Media

Bill Paxton Schools Ben Affleck on How to Deal with Slave-Owning Ancestors

Affleck's attempt to erase this uncomfortable part of his family tree echoes America's inability to deal with its racist history.

By now, you've likely heard about the leaked Sony emails—a seemingly infinite source of entertainment industry gossip and secrets—that reveal that actor and Oscar-winning director Ben Affleck tried to erase a slave-owning relative from his family tree. A recent WikiLeaks upload of every single hacked Sony email (all 173,000 of them) discloses that while taking part in the PBS genealogy docu-series “Finding Your Roots,” Affleck was unpleasantly surprised to discover an ancestor had owned slaves. Now-public emails between the show’s host, famed academic Henry Louis Gates, Jr., and Sony Entertainment CEO Michael Lynton, indicate Affleck requested the show conveniently leave out the information. In perhaps the second most controversial (and troubling) revelation to emerge from this whole kerfuffle, show producers seem to have yielded to Affleck’s request. None of this would be public knowledge were it not for those pesky hacked emails. Affleck’s effort to keep his slave-owning ancestor a secret has, ironically, made the fact far bigger news than it would otherwise have been.

Compare Affleck’s attempt at historical revisionism with actor Bill Paxton’s reaction to the discovery that his own great-great-great-great grandfather, Benjamin Sharp, held slaves. On last night’s episode of TLC’s "Who Do You Think You Are," another show dedicated to tracing celebrity family lineages, Paxton was clearly disappointed to learn that Sharp—a Revolutionary War hero, civil servant and all-around hot shot in his day—was the owner of several black slaves. “That’s unfortunate,” Paxton said when he was shown a document tallying the number of slaves Sharp held. “It’s kind of disappointing from a contemporary perspective. We read this great account of this man. But your history good and bad is your history.”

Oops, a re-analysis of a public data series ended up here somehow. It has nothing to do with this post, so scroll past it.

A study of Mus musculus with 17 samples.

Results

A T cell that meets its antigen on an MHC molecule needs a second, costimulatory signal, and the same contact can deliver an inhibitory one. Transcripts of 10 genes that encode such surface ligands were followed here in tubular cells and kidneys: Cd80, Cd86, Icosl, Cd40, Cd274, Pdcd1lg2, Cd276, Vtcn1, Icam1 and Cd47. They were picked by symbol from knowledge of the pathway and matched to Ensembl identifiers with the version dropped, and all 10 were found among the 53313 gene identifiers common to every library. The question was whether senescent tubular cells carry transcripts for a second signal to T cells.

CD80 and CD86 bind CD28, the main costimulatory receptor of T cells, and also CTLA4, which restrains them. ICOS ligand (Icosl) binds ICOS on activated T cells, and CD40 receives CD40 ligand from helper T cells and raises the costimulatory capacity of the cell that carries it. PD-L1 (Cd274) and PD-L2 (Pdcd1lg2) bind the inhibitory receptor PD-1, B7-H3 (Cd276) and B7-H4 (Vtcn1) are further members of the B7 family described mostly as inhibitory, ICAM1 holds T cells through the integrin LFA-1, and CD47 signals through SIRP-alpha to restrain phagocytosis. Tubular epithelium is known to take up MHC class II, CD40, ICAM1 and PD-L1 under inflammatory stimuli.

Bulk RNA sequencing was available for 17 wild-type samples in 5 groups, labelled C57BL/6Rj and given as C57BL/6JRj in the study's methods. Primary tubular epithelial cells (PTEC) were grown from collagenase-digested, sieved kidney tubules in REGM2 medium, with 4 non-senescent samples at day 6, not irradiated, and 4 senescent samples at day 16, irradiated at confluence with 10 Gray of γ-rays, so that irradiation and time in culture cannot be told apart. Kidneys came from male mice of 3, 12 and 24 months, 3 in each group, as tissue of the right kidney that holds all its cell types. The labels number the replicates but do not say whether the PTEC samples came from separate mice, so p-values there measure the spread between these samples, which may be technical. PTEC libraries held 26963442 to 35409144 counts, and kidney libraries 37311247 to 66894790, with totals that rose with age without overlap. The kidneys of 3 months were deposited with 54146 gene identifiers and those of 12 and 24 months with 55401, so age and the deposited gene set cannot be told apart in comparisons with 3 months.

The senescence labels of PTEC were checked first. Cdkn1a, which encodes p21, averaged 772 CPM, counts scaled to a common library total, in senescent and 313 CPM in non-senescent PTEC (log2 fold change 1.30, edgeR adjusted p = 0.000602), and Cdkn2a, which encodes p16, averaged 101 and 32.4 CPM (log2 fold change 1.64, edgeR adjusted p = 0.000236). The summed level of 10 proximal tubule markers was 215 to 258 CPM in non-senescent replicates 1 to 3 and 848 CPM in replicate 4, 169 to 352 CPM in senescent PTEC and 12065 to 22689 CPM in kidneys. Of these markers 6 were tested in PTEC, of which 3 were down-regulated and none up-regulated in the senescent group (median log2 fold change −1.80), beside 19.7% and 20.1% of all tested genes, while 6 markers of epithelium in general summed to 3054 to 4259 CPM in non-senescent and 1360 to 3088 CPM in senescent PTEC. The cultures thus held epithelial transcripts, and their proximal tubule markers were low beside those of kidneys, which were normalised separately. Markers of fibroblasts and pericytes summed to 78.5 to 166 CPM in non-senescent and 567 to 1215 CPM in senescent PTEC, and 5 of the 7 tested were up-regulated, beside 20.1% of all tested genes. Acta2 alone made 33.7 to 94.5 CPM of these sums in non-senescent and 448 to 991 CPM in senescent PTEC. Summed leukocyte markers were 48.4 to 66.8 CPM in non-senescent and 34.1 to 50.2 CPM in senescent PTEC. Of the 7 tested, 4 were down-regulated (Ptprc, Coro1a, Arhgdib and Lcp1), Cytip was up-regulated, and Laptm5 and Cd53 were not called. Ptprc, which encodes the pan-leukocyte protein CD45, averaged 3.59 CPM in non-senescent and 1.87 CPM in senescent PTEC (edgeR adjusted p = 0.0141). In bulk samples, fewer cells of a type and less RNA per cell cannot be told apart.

That last bit is precisely the point.

If we take these two differing reactions to the news of slave-owning relatives as metaphors for America’s anguish over its history of slavery, Paxton’s attitude is preferable to Affleck’s any day. America’s queasiness over its history with race, and its ongoing inability to reckon with its racialized past, is a key part of our contemporary difficulty with effectively tackling issues around race and racism today. Dealing with the long shadow of slavery—a key part of American history that has had a tremendous and undeniable role in shaping our national character—is fundamental to dealing with issues around race and racism that continue to plague us. Slavery, racism and the ills that accompanied them were codified into laws, defined political policies and are inextricable from our national character. Historical revisionism of the Affleck variety—the notion that we can simply erase America’s slave-holding past by pretending it didn’t happen—doesn’t work. Refusing to historicize the contemporary racial mess we now find ourselves in only makes it worse.

Later in the same episode, Paxton reflects on newfound insights gleaned from learning about his ancestor. “We have a tendency to want to hide the bad parts of our history, but we have to shine a light on all of it in order to understand who we are.”

It’s a bit of wisdom that might be shared with Affleck—maybe Paxton could have his people get in touch with Affleck's people—and could do America good as well. Who we are in 2015 on matters of race isn’t the random result of some unknown history. Instead, we are who we are as a country not despite but because of the racialized history that got us here. ‘Fessing up to and recognizing slavery and its impact is the only way to deal with the complicated ways race informs and pervades our lives. Because to do the opposite—to pretend slavery never happened, as if we can simply edit it out like some scene from a period piece we don’t want to watch—leaves us ill-equipped to cope with its persistent consequences and ignores the historical and continuing reality of racial inequity. 

Kali Holloway is a senior writer and the associate editor of media and culture at AlterNet.